Last weeks cut by the fed of 75 bps was a surprise. The So Gen Panic selling and unwinding proved to be part of the reason. But this sort of action proves that more icebergs lie underneath the financial waters.

The monoline insurance companies like Ambac and MBIA are in worse shape than most realize, the counter-party risk in the $45 trillion Credit Default Swap market is much worse than we realize, and the exposure by various banks to their problems is much larger than currently understood. The Fed understands this, and realizes that they have been behind the curve but need to catch up.

Quoting from a recent note from Michael Lewitt:

" 'MBIA's total exposure to bonds backed by mortgages and CDOs was disclosed to be $30.6 billion, including $8.14 billion of holdings of CDO-squareds (CDOs that own other CDOs, or mortgages piled on top of mortgage



MBIA was being priced as a weak CCC-rated credit when it issued its bonds last week; it is now being priced for a bankruptcy. MBIA's stock, which traded just under $68 per share last October, dropped another $3.50 this morning to under $10.00 per share.

'The bond insurers' business model is irreparably broken. In HCM's view, it will be all but impossible for these companies to raise capital at economic levels for the foreseeable future and certainly in enough time to work out of their current difficulties. The performance of MBIA's 14 percent bond issue will prove to have been the death knell for this business. The market needs to come to the realization that the so-called insurance that these companies were offering is not going to be there if it is needed. The fact that these companies were rated AAA in the first place will remain one of the great puzzles of modern finance for years to come.'
MBIA is still rated AAA. Ratings downgrades are just a matter of time. Banks that raised $72 billion to shore up capital depleted by subprime-related losses may require another $143 billion should credit rating firms downgrade bond insurers, according to analysts at Barclays Capital. Barclays' estimates are based on banks holding as much as 75% of the $820 billion of structured securities guaranteed by bond insurers. (Source: Bloomberg)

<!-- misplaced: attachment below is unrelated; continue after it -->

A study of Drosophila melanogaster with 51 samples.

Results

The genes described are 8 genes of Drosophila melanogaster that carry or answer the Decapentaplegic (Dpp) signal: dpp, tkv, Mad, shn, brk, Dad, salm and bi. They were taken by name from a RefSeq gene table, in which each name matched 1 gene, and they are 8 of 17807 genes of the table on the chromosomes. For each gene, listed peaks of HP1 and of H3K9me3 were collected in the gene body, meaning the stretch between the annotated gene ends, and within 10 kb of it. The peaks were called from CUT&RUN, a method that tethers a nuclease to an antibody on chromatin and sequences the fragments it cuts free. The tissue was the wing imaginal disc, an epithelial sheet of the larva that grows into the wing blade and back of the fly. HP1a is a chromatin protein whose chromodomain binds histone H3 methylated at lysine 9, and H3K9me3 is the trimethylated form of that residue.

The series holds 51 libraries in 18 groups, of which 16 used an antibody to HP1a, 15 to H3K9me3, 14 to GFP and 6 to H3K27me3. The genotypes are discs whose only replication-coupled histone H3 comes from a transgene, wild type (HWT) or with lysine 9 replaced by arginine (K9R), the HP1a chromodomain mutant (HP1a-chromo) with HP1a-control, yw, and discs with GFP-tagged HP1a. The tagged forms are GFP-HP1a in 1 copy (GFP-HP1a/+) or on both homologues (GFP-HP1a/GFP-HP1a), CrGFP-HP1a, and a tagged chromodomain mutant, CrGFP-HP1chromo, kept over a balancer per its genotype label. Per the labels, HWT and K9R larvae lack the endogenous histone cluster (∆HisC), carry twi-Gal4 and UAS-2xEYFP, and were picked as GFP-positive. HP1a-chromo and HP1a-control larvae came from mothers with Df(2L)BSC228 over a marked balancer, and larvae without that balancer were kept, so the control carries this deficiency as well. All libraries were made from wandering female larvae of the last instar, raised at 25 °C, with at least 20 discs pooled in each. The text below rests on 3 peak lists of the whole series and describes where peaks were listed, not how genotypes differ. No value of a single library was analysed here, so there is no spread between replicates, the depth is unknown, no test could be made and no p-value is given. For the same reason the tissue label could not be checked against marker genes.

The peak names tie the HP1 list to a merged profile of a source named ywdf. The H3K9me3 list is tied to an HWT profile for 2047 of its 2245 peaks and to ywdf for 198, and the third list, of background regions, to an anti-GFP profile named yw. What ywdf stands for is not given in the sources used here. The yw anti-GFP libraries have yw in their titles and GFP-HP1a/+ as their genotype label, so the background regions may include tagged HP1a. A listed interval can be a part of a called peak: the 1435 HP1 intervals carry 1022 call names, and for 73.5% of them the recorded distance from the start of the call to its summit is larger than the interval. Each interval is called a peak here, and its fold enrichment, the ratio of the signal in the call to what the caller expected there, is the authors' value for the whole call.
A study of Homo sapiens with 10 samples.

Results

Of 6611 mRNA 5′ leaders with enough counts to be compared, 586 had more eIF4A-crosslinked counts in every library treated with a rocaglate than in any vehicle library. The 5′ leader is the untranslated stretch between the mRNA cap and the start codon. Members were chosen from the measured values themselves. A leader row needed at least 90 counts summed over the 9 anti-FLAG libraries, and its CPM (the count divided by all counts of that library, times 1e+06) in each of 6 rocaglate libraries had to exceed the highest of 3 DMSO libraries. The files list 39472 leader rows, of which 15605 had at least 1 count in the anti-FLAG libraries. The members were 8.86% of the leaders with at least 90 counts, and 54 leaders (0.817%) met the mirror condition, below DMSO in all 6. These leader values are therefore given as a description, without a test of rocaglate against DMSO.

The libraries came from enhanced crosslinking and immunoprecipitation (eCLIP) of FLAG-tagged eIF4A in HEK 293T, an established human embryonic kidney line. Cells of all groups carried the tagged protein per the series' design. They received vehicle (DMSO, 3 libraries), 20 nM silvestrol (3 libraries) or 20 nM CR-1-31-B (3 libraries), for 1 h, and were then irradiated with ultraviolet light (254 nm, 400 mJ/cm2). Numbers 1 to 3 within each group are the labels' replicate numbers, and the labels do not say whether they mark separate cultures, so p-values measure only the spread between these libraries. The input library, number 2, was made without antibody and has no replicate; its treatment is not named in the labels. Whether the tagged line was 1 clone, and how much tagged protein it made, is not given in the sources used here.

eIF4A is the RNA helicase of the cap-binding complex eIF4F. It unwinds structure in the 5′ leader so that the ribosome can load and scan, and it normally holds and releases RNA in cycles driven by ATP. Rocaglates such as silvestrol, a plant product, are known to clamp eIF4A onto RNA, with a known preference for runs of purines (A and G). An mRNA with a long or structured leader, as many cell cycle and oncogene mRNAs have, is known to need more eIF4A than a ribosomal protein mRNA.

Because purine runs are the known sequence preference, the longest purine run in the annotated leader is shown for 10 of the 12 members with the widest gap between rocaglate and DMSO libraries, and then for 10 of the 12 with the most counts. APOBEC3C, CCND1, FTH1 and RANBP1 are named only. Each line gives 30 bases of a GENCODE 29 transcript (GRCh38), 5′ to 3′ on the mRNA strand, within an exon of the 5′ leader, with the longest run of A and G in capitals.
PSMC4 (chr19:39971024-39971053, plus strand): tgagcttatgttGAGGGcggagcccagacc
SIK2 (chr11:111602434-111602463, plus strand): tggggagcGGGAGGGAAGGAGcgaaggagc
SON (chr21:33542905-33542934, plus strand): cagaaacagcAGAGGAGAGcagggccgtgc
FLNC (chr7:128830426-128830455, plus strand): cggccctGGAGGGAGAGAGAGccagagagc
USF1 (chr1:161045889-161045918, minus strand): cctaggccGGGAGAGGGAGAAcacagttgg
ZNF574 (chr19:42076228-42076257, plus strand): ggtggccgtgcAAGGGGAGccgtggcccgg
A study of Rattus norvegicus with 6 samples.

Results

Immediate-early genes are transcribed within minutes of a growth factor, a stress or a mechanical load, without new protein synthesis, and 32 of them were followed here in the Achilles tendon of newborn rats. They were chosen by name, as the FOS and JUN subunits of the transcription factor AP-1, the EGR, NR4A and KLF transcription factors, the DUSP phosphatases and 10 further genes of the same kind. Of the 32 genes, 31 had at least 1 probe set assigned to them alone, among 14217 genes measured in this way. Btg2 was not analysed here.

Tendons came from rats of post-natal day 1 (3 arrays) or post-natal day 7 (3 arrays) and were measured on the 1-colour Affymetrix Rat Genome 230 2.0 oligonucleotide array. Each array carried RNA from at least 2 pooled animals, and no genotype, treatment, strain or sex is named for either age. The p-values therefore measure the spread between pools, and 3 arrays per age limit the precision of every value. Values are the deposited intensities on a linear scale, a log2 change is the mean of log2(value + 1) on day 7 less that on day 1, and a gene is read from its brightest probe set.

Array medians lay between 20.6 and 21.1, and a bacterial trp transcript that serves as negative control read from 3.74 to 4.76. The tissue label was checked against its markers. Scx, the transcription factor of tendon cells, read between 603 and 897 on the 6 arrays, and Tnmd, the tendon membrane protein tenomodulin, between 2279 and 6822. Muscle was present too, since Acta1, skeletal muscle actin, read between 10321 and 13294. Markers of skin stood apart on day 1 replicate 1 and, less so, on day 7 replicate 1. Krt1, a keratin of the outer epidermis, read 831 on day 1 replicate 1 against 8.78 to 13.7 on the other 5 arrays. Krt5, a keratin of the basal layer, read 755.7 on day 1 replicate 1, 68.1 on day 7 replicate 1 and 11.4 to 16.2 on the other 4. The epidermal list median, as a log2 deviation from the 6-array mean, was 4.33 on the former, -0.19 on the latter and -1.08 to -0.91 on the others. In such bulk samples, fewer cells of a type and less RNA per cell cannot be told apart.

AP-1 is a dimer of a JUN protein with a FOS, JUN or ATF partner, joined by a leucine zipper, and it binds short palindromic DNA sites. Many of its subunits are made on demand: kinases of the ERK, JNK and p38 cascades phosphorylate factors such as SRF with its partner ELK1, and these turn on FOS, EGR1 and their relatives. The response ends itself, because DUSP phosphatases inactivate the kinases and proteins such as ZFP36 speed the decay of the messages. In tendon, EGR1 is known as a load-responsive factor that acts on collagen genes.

As the downgrades on various mortgage assets and the CDOs continue to increase, the ability of the monolines to deal with the problems is going to come under increasing question. The losses at major banks could be much worse than $122 billion if they are downgraded to the same junk level that ACA was.

And that is just the credit default swaps (CDSs) from the monolines. What about the trillions that are guaranteed by banks and hedge funds? There are a total of $45 trillion CDSs outstanding.

if we get another 50-basis-point cut, then it means the Fed is responding to concerns about the credit crisis. And we will get another cut the next meeting and the next until we get down to 2% or below.

A 50-basis-point cut takes the rate to 3%. It they had cut the rate by 1.25% next week, the market would have collapsed. And it is not just the Fed that is concerned. Add to all this Europe is Dropping again.